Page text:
Now and then, I hear a non-chess-player make an analogy using the game of chess, suggesting that some competitive business advantage is like being able to play two moves in a row in chess. I try to point out that being able to play two arbitrary legal moves in a row in chess is not just some kind of small or large advantage, but an overwhelming one. For example, suppose it only takes one move to push a Pawn forward attacking your opponent’s Queen: this means that given two moves in a row, you could win a Queen without doing any of the ordinary back-and-forth calculation that characterizes the complexity and beauty of chess.
However, the fantasy of playing two moves in a row is quite an important one, the first step toward making plans, if we place some constraints on the nature of the two moves.
First of all, as already mentioned, it’s cheating if you imagine a sequence of moves in which the first move creates a deadly threat but in reality your opponent could block it easily, without making some other serious concession, because that’s like being allowed a two-move sequence in a fight in which you get to both get in close and the deliver a blow, when in real life the whole trick is how to get in close without being punched back in the first place.
If your opponent can block the threat of the first move, but you have calculated a second move in response to the first defensive move that has no good defense, then what we have is a two-move combination. Although it is very important to be able to see and calculate combinations, this also is not what I’m talking about here. A tactical combination is where you figure out how to strike your opponent so that even after he puts up his best possible block, this leaves an opening for you to then deliver the final blow.
Rather, I’m talking about imagining two moves in a row where you pretend you have an opponent who will take minimal care to protect himself (avoiding immediate mate, loss of material, etc.), but at the same time may not be super aggressive. This fantasy works best if the position at hand is at least “closed” enough so that it is plausible for each of you to maneuver in your own space without stepping on the other.
Ten moves in a row!
In fact, the most closed position possible is the initial board, with nobody having played a move yet! This position is so closed that you can, and should, imagine that you can play not only two moves in a row, but more like ten.
Try this exercise, both as White and as Black. Keeping in mind to be consistent with your actual opening repertoire, set up the board and play the first ten moves of your ideal setup, with the assumption that you can only place Pawns and pieces on your half of the board. Be honest: do not just pile everything up on the f7 square, for example.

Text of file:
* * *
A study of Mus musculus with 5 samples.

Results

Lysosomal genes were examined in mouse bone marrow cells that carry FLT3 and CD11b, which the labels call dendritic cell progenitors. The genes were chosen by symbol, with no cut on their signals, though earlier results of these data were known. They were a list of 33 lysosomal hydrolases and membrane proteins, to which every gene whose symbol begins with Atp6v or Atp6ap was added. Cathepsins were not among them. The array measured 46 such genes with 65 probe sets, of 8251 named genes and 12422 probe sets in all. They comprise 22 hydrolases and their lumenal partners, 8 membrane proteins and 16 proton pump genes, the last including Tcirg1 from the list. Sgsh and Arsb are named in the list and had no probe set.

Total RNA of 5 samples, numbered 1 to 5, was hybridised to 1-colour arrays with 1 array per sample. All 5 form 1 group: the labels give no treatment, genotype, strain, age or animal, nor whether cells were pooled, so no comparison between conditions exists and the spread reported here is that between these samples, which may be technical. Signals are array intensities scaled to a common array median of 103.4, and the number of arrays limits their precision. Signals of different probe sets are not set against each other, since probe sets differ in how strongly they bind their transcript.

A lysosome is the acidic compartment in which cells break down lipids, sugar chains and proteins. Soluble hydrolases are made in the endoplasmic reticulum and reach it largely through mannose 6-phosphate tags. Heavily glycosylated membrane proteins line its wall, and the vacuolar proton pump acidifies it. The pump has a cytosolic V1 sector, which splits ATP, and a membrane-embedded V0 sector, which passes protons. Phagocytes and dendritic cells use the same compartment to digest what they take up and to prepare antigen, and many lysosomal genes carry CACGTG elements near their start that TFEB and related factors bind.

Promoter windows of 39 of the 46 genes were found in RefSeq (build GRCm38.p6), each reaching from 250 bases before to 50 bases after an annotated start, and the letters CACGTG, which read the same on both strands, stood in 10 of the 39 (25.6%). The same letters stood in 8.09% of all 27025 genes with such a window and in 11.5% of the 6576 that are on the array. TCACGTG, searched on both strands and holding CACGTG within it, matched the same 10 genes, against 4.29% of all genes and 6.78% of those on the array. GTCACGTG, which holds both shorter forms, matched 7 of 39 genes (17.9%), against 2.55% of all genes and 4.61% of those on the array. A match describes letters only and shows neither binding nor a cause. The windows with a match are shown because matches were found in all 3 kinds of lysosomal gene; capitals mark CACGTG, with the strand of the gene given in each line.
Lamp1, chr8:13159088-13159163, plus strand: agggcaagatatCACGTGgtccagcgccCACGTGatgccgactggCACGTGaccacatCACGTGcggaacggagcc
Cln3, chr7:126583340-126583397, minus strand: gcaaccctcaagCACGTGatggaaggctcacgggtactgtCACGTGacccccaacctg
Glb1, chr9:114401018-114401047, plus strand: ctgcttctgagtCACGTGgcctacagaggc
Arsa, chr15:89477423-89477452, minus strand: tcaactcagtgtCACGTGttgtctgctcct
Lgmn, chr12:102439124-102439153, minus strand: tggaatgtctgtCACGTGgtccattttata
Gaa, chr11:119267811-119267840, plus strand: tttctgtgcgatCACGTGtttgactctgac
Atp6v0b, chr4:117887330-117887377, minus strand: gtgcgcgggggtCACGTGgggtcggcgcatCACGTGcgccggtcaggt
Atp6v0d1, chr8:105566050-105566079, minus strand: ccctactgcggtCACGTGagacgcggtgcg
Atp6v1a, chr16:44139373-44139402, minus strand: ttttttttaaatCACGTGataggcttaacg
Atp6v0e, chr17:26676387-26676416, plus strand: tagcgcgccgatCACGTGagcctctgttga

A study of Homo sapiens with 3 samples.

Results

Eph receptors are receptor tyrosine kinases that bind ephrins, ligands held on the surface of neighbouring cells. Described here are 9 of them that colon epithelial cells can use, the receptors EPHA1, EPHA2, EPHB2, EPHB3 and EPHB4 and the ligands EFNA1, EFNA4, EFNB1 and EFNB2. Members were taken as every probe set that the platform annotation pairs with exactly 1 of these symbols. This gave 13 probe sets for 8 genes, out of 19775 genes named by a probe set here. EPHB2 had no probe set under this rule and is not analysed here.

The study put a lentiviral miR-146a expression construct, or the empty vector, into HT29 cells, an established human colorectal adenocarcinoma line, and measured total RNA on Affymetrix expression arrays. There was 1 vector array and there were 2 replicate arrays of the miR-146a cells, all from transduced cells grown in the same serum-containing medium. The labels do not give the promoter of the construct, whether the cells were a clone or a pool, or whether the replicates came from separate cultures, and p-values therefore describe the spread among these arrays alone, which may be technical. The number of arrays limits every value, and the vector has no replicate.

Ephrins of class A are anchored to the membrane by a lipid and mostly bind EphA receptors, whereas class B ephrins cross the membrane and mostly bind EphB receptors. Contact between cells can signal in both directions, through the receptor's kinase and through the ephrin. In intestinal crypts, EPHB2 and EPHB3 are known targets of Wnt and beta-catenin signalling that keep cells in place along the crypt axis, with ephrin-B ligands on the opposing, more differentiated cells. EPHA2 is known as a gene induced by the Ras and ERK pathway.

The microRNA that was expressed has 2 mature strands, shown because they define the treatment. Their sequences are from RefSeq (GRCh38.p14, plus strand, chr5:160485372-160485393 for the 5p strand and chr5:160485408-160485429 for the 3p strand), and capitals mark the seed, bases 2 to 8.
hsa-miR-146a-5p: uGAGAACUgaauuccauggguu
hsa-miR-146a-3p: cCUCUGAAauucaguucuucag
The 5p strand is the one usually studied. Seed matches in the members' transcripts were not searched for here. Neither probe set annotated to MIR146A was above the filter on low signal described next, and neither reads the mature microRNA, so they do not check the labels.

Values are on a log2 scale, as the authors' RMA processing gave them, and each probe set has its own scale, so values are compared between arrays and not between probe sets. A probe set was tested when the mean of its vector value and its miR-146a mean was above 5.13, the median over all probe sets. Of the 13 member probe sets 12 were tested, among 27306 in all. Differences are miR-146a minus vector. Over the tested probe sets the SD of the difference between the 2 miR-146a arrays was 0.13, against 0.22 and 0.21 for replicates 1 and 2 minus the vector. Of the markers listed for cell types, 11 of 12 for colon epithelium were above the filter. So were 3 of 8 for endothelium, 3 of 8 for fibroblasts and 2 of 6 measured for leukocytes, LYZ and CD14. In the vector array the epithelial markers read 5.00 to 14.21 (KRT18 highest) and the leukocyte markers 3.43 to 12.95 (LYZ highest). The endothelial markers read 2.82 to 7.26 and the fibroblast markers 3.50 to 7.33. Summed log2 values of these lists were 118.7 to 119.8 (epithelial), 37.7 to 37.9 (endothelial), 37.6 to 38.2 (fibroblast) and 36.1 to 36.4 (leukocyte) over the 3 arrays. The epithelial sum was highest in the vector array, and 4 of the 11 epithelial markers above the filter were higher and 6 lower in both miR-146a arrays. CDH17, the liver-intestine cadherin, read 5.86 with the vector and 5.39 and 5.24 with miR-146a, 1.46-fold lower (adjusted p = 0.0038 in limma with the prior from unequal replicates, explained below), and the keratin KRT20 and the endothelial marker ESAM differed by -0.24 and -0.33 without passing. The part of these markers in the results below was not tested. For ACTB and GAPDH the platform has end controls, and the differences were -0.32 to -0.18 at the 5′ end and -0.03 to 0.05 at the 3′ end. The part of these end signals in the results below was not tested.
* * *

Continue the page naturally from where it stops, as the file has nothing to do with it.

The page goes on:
What does your setup say about what your middlegame plans are before you even make a move in each game that you play?
You might also want to test out playing this ideal position against someone who has not yet made any moves. Theoretically you should be able to win, with such a lead in development. You can even test out your ideal position against a computer engine and see how well you can do against best defense (one way to do this is to set up a position by forcing the computer to just move a Knight out and back home for ten moves).
Here are some sample positions that reflect different opening choices. Create your own!
Typical for many beginning players:
A more advanced setup:
Black setups are a lot trickier because typical opening theory has them being different from White setups as a result of forcing play by White. A mistake I see often is when someone as Black plays passively because of following a invisible script that is relevant only because of best play by White. But if White plays passively, there is no reason Black cannot immediately adopt an ideal setup rather than a compromise defensive setup.
Here is a Black setup that is less aggressive than one White might choose with colors reversed, but is often the best that can be done given constraints from early in the opening:
Here is another typical realistic Black setup. Note that if not for typical constraints placed by White, Black could already have moved a Pawn from c6 to c5. Depending on what your opponent as White do, you don’t have to follow the usual script, if you understand what you’re aiming for and your opponent allows you to take a shortcut to it.